Saudi attacker on US base had longstanding al-Qaeda ties: US



A Saudi military student who carried out a deadly shooting spree at Pensacola Naval Air Station base on December 6th, 2019 had communicated with an al-Qaeda operative before the attack. [Josh Brasted/Getty Images North America/AFP]

The Saudi military student who killed three Americans at a US naval base in December had longstanding ties to al-Qaeda and planned an attack before he arrived in the country, US justice officials said Monday (May 18th).

The December 6th attack by Mohammed al-Shamrani, a Royal Saudi Air Force flight student at the Naval Air Station Pensacola in Florida, "was actually the culmination of years of planning and preparation", said FBI Director Christopher Wray.

Evidence discovered on an encrypted cell phone shows he was radicalised at least as far back as 2015, and had since been associating with "dangerous" operatives from the Yemen-based Al-Qaeda in the Arabian Peninsula (AQAP), Wray added.

The FBI and Justice Department revealed their findings after a months-long effort to crack the encryption on al-Shamrani's phone.

Discussed plans and tactics

Wray said the 21-year-old Saudi had expressed a desire to learn to fly years ago with plans for a "special operation," enlisting in the Royal Saudi Air Force and joining flight training in the US.

"In the months before the attack, while he was here among us, he talked with AQAP about his plans and tactics -- taking advantage of the information he acquired here, to assess how many people he could try to kill," Wray said.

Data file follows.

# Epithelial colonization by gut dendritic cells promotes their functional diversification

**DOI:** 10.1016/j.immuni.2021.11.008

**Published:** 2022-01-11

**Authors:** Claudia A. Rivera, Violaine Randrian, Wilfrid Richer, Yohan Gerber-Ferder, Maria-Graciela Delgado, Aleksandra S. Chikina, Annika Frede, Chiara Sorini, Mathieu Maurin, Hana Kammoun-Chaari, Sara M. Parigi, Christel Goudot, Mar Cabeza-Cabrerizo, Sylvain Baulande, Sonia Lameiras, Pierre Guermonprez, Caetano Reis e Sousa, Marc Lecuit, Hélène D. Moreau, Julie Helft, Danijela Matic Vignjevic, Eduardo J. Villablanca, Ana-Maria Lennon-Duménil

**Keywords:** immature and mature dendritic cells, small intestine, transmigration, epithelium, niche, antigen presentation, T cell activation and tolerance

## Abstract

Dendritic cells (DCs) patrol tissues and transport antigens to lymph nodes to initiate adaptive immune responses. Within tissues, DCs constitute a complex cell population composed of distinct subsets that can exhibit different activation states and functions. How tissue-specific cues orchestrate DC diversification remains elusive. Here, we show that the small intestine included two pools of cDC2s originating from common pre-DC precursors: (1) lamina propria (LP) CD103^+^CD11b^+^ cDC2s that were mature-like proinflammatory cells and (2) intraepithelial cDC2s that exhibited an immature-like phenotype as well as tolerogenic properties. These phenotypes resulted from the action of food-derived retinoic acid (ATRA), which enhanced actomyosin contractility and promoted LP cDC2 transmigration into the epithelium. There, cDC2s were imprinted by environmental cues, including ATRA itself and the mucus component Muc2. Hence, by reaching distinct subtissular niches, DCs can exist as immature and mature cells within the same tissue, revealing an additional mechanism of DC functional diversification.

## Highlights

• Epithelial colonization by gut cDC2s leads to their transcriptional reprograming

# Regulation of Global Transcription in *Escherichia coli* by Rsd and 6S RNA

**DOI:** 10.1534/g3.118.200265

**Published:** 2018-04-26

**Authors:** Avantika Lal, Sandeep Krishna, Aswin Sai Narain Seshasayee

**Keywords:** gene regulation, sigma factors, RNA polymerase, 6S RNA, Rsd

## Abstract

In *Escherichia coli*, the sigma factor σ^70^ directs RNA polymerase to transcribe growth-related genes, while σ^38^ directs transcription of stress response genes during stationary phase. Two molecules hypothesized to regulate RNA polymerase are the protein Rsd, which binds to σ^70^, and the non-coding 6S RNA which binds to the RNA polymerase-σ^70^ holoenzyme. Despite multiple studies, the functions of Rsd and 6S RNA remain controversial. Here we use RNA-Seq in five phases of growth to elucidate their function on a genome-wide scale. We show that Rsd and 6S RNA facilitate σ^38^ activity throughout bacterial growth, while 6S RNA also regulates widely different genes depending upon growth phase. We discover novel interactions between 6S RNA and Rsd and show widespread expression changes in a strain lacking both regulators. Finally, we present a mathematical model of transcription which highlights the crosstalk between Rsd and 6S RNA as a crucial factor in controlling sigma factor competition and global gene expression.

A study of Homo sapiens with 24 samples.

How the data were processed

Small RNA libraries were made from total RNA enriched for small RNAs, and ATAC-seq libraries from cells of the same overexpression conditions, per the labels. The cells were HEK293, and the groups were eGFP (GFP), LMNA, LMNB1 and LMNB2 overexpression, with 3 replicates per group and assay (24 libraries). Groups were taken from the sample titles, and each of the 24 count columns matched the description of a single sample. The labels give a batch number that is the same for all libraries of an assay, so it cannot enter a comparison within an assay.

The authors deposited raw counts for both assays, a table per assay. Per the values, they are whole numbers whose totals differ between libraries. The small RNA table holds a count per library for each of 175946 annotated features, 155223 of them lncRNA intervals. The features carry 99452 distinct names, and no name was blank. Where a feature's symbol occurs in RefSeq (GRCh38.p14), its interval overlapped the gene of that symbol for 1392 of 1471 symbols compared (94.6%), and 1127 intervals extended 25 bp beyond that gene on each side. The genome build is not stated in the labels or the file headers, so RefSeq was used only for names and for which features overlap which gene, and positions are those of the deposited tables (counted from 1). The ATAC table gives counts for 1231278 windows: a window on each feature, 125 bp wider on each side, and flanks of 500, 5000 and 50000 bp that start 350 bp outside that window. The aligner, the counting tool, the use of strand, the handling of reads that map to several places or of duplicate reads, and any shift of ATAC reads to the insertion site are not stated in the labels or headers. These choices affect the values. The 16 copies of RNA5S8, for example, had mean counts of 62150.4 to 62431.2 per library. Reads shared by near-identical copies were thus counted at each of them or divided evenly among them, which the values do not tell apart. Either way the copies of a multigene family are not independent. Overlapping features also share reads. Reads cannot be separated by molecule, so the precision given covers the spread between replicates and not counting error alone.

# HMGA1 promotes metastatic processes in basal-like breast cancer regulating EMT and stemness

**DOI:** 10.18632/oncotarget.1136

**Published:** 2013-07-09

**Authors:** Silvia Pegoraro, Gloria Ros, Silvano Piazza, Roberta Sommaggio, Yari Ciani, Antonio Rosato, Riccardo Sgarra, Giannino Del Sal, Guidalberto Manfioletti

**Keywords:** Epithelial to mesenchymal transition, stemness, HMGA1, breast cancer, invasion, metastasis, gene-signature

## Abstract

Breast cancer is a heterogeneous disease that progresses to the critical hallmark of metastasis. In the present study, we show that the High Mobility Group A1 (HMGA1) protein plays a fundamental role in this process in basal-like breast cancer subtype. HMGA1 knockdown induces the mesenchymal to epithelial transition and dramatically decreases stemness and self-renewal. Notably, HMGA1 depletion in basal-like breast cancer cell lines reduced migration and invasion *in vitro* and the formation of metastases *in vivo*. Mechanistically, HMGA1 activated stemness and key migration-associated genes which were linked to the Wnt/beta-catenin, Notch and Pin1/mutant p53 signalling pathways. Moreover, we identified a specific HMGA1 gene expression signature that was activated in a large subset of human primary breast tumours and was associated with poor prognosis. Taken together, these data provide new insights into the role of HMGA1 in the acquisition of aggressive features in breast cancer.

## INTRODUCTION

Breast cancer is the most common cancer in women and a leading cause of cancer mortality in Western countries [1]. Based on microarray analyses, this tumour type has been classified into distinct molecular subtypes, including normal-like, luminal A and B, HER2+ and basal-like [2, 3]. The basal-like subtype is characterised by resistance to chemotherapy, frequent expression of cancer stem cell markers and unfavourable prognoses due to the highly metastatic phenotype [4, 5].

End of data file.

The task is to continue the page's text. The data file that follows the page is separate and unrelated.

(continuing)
He was in touch with AQAP contacts the night before he launched the attack, Wray added.

The December 6th shooting in a classroom building at the naval base left three US sailors dead and wounded eight other people, including two responding sheriff's deputies, before al-Shamrani was killed by police.

AQAP claimed responsibility, but at the time there was no evidence of a direct link.

The incident forced the temporary freeze of all US training for foreign military officials in order to review security precautions.

Continuing al-Qaeda threat

The December attack indicated that al-Qaeda remains a potent threat, able to project its menace beyond the Middle East, according to experts.

If it was in fact directed by AQAP, al-Shamrani's attack would be the first successful al-Qaeda-organised assault on the US since the September 11th, 2001 attacks, said David Sterman, a senior policy analyst at the New America think tank.

All the successful attacks in the country since then have been organised locally by people inspired or encouraged by al-Qaeda and the "Islamic State of Iraq and Syria" (ISIS), but not organised by them.

"Is this the sign of an existing external plotting capability in Yemen that continues?" Sterman asked.

Even so, he noted: "One deadly foreign-directed attack in 19 years is a relatively high level of success for the US."

The Saudi Embassy in Washington issued a statement expressing its condolences to the American people over the attack in Florida and welcoming word that "critical intelligence" was recovered from al-Shamrani's phones.